The Wednesday night episode of the telethon that is the Democrat’s virtual convention made history by nominating Kamala Harris as Joe Biden’s vice-presidential running mate. This night’s program was crafted to feature Harris and have a special appeal to female voters. But it wasn’t confined to that.  Not nearly. For one thing, former President Barack Obama spoke. Did he ever. His talk was powerful and moving, as he demonstrated anew why he was twice elected President. Whatever you thought of his tenure in office, there is no denying that he can summon forth an inspiring vision of the American story. He directly and specifically warned that American democracy, as we have known it, may not survive if Donald Trump is re-elected.  His key lines were, “What we do these next 76 days will echo through generations to come,” and “Donald Trump hasn’t grown into the job because he can’t.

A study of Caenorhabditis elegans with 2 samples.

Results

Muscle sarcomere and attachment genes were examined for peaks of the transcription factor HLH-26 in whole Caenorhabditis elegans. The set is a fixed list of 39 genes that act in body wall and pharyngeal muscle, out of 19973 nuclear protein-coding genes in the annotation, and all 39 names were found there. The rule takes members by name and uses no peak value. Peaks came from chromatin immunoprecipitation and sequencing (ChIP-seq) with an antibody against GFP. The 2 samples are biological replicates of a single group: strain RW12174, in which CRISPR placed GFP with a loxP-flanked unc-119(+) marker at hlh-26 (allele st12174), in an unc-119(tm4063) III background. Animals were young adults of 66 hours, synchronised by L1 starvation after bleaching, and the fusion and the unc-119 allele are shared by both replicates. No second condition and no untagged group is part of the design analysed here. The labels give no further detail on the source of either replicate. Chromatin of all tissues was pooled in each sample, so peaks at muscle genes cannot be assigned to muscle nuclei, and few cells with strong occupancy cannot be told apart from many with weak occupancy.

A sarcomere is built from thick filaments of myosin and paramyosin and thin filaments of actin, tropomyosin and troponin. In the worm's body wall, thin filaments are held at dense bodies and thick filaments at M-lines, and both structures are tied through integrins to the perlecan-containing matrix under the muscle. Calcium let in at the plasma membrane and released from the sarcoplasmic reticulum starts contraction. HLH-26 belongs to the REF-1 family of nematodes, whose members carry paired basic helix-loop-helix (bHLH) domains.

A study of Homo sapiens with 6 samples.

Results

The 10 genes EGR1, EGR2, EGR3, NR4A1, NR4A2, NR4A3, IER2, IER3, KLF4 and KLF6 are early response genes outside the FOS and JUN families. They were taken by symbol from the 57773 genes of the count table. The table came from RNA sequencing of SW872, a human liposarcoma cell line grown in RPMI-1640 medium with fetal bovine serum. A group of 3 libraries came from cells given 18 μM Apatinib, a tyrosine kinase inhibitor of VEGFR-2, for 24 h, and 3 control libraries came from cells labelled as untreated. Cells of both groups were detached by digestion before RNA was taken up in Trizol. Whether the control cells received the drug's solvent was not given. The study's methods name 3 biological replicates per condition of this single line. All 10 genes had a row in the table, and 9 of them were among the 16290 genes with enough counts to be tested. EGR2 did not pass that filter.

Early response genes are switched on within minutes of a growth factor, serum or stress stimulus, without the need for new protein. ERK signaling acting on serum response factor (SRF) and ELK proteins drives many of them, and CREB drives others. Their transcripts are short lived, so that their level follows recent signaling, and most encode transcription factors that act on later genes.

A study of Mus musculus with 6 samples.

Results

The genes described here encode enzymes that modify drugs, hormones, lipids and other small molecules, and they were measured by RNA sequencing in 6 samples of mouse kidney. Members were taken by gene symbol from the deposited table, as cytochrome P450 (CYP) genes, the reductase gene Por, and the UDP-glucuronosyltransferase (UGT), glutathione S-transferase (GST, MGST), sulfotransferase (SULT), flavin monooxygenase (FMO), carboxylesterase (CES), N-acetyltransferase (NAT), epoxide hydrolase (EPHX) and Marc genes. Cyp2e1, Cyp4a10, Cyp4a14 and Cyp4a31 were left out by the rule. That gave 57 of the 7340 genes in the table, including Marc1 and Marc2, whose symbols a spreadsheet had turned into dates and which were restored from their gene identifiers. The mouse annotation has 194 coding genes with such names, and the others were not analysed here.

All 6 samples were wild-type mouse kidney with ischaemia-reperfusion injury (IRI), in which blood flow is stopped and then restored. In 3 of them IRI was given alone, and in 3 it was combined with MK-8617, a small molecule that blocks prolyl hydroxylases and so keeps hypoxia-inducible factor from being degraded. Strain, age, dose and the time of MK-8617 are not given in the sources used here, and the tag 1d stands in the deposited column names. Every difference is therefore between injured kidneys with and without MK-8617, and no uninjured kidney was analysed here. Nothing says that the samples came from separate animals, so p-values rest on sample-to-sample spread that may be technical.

Then it was Harris’ turn to stand and deliver, with the pressure on. (Nobody wants to speak just after an orator as effective as Obama). She began by telling her story. It was personal and potent, especially when she spoke of the influence of her mother. But the story was also universal in channeling the best of American values. Decency, fairness, justice. Then she spoke of the stakes of the moment, the urgency of action, and a path forward that she argues will turn the nation’s hopeful dreams into reality.  Her closing lines fit well behind Obama’s “generations” warning.  Urging every American to be active and vote in the election, she reminded that when historians look back at this time they will judge, “..not just how we felt” (and SHE paused for effect here) “but what we did.”

All things considered, another good night for Democratic hopes. The quality of the television production wasn’t quite up to the standard of the first two nights, which were flawless. But that’s a high standard. This night there were a few botched speaking cues and the camera work—the shots, the angles, and distances chosen for Harris’ climatic speech were curious at best.  But those are small points.  

So far this “virtual” convention has been good enough to make you wonder if we’ll ever go back to the “live” conventions that were the tradition for so long.